Propositions of the Serbian Government on Regulating Income Tax and Social Security Contributions for Foreign Income of the Workers on the Internet
Author: Attorney-at-law Pantović R. Đorđe, Law Firm “VUK Tax Attorneys”
Date: 2nd April 2021
Initially, Serbian Government announced on 5th February 2021, after negotiations with representatives of workers on the internet (the “Freelancers”), the Preposition aiming to find a compromise solution of the problem that occurred regarding non-reported and non-paid income taxes and social security contributions by the Freelancers for income received from abroad in the previous period. The Government, by issuing this Proposition, announced, amongst other, that all proceedings of control and assessment of taxes for Freelancers will be suspended until adoption of amendments to the Law on Personal Income Tax (“LPIT”), which should regulate method of determination and payment of their tax obligations, where adoption of said amendments was announced to occur until 1st May 2021. Afterwards, on 2nd April 2021, the Government filed to the Serbian National Assembly proposed Amendments to LPIT, as well as proposed Amendments to the Law on Mandatory Social Security Contributions, all with the view of implementation of said Proposition dated 5th February 2021.
Proposed Amendments to LPIT define that for persons who in the period 1st January 2015 – 30th September 2021 received income from copyright and related rights and income from service contract, that is taxed by self-assessment, the Tax Administration will determine tax liability by issuing the Resolution. Also, it is proposed that stated method of taxation of such income will be applied, unless:
- statute of limitation for tax assessment occurred according to regulations that were in force at the time of receiving income, or
- proceeding for determination of tax liability is legally final, or
- before entry into force of these Amendments, the tax has been paid on the basis of regulations that were applicable at the time when tax liability has arisen.
Further, according to the proposed Amendments to LPIT, the Freelancers would be released from payment of income tax for the said period, for income received within the calendar year up to the annual amount of 384.000 RSD, and recognized expenses would be 43% of received income. Also, the Freelancers would be entitled to pay tax, determined by the tax Resolution, in 120 monthly installments, i.e. within the period of 10 years, where first installment will be due for payment upon enacting the tax Resolution, without charging the late payment interest.
Having in mind all afore said, we believe that such Preposition of Amendments to LPIT is unfair and discriminatory, because the Freelancers for whom tax proceedings are legally finalized, or who paid their taxes earlier, are unable to regulate their tax obligations in accordance with new, more beneficial regulatory solution. Therefore, persons who diligently participated in tax controls and filed tax returns, submitted required documentation and accepted tax calculation of the Tax Administration, and cooperated with the aim to duly fulfill their tax obligations, are now essentially punished. The Government, as the highest state body of executive power in the Republic of Serbia, falls into trap again, by making honesty and diligence of tax payers who orderly settled their tax obligations, effectively meaningless, and such approach of the Government in conducting public income policy, is impermissible.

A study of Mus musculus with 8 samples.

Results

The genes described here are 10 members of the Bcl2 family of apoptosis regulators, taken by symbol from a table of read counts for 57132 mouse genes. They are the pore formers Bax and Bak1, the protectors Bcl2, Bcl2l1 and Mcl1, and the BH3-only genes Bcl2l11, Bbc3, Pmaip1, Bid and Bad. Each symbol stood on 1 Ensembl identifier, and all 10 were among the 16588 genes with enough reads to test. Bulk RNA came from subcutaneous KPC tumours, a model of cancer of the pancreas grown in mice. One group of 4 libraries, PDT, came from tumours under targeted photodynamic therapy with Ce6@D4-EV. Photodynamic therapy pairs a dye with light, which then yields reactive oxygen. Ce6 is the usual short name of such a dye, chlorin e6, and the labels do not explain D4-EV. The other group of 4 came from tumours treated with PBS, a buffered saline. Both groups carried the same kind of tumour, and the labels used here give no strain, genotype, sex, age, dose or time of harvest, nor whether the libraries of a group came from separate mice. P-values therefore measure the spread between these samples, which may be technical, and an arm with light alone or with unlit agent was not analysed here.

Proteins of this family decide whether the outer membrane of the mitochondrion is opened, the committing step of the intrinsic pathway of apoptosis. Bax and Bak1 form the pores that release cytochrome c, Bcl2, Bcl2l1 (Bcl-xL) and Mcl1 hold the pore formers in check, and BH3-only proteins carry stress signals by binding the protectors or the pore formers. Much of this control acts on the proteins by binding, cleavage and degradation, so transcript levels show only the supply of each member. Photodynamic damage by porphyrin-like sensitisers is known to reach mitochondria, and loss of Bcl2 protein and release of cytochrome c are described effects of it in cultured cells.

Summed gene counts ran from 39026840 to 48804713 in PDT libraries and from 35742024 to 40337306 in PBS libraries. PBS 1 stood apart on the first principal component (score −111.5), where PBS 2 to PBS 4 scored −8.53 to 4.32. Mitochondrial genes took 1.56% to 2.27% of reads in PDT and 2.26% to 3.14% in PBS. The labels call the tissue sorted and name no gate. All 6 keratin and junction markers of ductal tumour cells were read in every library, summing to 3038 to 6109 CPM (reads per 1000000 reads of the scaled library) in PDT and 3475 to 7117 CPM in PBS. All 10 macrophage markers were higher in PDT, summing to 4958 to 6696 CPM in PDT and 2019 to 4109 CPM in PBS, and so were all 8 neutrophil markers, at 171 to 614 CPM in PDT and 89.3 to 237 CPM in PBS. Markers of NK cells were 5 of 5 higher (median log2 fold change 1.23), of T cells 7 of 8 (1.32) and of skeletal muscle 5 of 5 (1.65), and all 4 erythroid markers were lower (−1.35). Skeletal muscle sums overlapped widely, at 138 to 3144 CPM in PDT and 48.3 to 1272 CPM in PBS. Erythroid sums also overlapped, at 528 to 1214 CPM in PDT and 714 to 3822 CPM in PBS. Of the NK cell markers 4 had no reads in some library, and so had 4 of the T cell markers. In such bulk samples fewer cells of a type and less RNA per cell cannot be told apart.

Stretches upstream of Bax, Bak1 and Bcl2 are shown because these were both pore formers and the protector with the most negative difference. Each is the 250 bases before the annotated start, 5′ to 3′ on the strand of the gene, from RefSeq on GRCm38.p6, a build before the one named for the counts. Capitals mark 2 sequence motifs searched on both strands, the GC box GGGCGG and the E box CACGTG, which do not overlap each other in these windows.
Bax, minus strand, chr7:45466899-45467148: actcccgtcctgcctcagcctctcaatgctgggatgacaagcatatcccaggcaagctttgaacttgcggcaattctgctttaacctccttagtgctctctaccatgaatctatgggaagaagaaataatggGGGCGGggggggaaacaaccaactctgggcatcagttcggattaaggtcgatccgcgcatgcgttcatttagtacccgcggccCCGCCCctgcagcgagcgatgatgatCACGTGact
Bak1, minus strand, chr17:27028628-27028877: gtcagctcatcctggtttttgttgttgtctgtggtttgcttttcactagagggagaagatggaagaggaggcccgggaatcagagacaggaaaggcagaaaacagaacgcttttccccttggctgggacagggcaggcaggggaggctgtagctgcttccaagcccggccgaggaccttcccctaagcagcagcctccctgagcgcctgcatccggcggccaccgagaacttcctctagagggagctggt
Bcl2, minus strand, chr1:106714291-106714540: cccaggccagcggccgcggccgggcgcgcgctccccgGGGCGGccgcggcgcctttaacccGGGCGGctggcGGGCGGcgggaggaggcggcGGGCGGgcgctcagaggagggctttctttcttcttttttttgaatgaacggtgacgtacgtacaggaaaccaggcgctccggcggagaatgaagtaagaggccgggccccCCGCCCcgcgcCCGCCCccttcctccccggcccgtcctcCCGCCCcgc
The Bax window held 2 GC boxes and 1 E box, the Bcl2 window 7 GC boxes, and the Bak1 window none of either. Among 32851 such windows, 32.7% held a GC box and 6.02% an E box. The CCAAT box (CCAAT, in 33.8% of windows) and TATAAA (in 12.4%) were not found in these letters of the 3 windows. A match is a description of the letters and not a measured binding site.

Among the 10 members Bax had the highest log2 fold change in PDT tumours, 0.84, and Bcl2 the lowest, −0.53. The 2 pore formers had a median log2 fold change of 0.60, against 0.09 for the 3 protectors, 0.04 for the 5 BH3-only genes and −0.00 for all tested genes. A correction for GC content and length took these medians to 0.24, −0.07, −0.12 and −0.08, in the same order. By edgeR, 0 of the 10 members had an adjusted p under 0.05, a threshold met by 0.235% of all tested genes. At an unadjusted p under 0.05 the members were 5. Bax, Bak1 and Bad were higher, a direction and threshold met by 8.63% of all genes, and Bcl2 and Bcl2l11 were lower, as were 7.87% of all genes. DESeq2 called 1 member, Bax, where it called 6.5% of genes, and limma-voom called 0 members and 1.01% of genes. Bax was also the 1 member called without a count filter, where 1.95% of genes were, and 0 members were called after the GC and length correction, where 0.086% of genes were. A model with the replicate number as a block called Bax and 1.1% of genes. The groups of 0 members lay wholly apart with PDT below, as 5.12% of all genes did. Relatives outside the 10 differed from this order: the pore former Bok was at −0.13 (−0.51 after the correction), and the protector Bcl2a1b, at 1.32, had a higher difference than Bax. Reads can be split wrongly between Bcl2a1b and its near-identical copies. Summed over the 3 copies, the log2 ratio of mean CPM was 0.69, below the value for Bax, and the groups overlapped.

Additionally, with the filed Proposition of the Amendments to the Law on Mandatory Social Security Contributions, the Government did not provide to the Freelancers pension and disability insurance rights (“PDI”), which Freelancers would have to acquire by paying PDI contributions for past period, predominantly by omitting to recognize this period as their pension insurance period, which is relevant for fulfilling conditions for retirement. Namely, it is indisputable that payment of PDI contributions is mandatory, even for the past period, however, it is unacceptable that regardless of subsequent payment of PDI contributions for the past period, that period is not included as the pension insurance period for the Freelancers. The reasons of fairness unequivocally dictate that the Freelancers, who during certain period were performing activities for which they earned income, and who settled PDI contribution for that income, are entitled to inclusion of said period in their pension insurance record, since only in this way they are enabled to exercise social security rights which undoubtedly belong to them by paying contributions for PDI.
Bearing in mind that all previous announcements and proposals of the Government have resulted in numerous issues for which adequate solutions have not yet been provided, it is clear that this topic will be relevant in the forthcoming period, and we will therefore monitor upcoming activities to help in removing ambiguities by our legal analysis.